Raising the electoral threshold to 2 percent for entry into the 17th Knesset endangers the Arab parties, because it is not clear whether they will be able to make it into the Knesset. There are surveys showing that the three Arab parties - United Arab List, Balad and Hadash - are likely to get more than 2 percent of the votes, but in light of the gap that sometimes exists between polls and real-time results, and because in this case there is no great distance between being and ceasing to be, this danger must be treated as a tangible matter.

Slightly more than 24 hours before the deadline for parties to submit their Knesset slates, the alliances among the Arab parties have yet to be finalized. Even though the goal of raising the electoral threshold is to generate greater stability in the political system by merging political resources, it seems that as long as the issue relates to the Arab parties, the required response is delayed.

The Arab MKs are among the most diligent of all Knesset members. The coalitions do cause them to fail whenever they try to advance laws that benefit the Arab public, but nonetheless their presence in the Knesset is very important. One reason is that they serve as officials to whom their constituents can turn. Some of the Arab MKs have managed to use parliamentary and other tools to advance various issues of importance to the Arab and general population. As Knesset members, their requests to the establishment are treated differently than requests from other public figures who are not members of the parliament.

It is also quite important to have Arab parties represented in the Knesset because of the way it influences the way the Jewish public relates to Arabs. The authority-loving media treat MKs with more respect, and it's desirable that the public get a daily reminder that the Arabs too - close to a fifth of the country's citizens - participate in the political game. This is particularly true in the present election campaign, as there are increasing calls for disengaging from Arab citizens of Israel in the Triangle region. Wouldn't it be more difficult for the Israeli public to "disengage" from Umm al-Fahm or from Kafr Kara if a resident of one of those communities were serving in the Knesset?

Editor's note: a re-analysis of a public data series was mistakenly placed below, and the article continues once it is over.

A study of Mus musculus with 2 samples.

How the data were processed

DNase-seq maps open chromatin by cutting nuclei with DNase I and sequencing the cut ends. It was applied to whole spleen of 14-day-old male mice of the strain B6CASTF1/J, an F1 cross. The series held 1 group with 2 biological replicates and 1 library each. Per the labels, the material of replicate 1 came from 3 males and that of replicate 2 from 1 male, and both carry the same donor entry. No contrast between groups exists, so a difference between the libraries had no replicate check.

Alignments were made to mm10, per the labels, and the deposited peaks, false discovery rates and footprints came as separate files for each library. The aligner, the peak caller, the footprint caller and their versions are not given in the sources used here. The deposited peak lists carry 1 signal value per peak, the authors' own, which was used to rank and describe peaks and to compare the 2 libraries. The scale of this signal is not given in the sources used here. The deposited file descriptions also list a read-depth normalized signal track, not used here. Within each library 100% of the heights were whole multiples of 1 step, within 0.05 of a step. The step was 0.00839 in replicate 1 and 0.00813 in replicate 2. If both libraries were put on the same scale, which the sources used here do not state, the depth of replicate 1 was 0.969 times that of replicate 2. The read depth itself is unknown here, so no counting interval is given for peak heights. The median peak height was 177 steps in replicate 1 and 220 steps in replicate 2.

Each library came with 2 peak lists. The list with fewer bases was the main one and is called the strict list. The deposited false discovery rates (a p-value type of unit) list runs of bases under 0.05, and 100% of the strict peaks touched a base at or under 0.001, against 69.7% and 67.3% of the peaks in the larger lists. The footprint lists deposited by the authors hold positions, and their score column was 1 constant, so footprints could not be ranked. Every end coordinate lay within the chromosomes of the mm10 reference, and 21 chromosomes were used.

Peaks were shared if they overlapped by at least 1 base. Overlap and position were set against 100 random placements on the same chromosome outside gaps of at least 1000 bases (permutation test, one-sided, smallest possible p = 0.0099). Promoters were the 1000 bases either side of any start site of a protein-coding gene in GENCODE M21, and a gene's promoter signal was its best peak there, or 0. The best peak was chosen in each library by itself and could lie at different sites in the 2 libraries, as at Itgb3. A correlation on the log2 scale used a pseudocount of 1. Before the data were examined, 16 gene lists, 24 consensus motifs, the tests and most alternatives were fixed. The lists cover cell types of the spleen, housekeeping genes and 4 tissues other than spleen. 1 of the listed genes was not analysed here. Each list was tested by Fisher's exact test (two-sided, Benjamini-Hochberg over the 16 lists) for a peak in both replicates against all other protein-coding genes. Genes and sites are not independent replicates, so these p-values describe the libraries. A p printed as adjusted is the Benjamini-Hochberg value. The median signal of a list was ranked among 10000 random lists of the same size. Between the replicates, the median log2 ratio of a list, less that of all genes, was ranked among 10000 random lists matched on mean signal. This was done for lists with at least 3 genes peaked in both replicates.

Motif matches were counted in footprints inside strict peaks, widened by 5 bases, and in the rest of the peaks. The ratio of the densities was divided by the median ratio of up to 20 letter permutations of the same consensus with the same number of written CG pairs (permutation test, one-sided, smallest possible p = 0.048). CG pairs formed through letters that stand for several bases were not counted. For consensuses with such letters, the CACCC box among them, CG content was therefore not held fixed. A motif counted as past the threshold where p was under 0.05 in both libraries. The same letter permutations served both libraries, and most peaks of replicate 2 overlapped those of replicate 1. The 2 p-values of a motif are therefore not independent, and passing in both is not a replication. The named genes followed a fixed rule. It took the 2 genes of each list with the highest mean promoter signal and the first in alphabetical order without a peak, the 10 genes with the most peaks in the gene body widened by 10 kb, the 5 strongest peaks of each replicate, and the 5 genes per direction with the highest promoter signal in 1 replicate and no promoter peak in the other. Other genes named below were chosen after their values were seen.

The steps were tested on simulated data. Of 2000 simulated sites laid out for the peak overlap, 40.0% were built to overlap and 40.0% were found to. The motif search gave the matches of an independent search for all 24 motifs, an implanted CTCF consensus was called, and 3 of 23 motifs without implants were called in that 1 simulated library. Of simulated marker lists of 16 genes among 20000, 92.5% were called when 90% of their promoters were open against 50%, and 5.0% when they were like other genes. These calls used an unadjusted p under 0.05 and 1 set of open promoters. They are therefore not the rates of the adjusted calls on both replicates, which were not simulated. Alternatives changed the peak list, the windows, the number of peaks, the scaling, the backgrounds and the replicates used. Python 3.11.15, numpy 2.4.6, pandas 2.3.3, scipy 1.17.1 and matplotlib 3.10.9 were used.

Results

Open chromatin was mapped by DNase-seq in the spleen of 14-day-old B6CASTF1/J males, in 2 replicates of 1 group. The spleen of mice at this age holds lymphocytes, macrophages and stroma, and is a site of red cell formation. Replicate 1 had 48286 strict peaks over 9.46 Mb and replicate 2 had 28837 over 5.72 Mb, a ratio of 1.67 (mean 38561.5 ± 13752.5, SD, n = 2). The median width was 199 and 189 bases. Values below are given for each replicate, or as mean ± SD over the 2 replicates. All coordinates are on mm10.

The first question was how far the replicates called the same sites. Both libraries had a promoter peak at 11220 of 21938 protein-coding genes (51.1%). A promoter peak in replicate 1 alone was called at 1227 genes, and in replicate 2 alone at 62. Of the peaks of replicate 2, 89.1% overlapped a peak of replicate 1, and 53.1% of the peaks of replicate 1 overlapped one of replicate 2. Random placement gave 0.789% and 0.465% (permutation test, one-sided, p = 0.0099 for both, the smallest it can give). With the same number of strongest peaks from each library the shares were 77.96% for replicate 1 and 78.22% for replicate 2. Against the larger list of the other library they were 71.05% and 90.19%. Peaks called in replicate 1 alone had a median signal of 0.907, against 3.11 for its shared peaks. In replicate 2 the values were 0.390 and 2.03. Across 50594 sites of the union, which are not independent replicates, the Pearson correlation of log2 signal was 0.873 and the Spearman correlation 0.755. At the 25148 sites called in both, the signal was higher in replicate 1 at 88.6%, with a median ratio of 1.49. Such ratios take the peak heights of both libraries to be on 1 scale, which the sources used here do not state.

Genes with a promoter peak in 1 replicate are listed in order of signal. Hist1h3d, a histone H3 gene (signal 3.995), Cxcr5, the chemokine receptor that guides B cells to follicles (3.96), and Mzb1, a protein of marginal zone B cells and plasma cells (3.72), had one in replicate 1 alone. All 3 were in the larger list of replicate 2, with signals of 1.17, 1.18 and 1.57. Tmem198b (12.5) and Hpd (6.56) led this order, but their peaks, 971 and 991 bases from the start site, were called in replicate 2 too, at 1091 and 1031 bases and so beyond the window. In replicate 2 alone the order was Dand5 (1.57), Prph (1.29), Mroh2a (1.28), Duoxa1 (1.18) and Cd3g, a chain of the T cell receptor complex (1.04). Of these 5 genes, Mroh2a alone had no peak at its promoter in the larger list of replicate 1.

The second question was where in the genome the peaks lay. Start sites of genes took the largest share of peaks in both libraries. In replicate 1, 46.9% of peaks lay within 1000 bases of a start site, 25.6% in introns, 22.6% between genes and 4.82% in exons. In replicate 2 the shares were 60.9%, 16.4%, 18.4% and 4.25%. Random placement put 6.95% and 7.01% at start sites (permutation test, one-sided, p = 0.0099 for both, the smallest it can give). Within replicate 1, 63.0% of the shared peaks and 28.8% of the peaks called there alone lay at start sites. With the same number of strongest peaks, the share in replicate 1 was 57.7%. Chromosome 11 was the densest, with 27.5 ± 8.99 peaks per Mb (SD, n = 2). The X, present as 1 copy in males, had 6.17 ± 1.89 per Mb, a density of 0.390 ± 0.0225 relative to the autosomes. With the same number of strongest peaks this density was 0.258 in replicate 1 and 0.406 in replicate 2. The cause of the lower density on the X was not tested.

A survey conducted a few months ago by the Adenauer Program for Jewish-Arab Cooperation found that 50 percent of the Arab population consider personal interests to be the primary reason Arab parties are unable to merge.

But even if personal interests do play a role, it's difficult to ignore the ideological aspect. There are two key players on either side of the Israeli Arab political map: the Israeli communist party (the major force in Hadash) on the left, and the southern branch of the Islamic Movement (the major force of UAL) on the right. It's difficult to expect that those who have such divergent ideologies will merge with each other, but the third force in Israeli Arab politics - National Democratic Alliance (Balad), headed by MK Azmi Bishara - could join one of the other two parties.

In general, Arab politicians react contemptuously to the calls for unification, especially those that come from the Jewish population. "Why don't the Jewish parties merge?" MK Mohammed Barakeh, chairman of Hadash, asked defiantly a few weeks ago in a meeting with Haaretz. Bishara also sees the calls for a merger as patronizing, but still considers that there are grounds for such a move.

In the hours that remain until the deadline for submitting Knesset slates, the leaders of the Arab parties must make painful decisions. It's clearly not easy for Hadash to cooperate with Balad, and it's not easy for MK Ahmed Tibi's Ta'al faction of the Hadash-Ta'al list to cooperate with UAL. The standing of two former MKs, Hashem Mahameed and Mohammed Hassan Kanaan, must also be taken into account. Nonetheless, despite the difficulties and ideological differences, Arab elected officials can be expected to decide in favor of running on two lists, not three, for the 17th Knesset.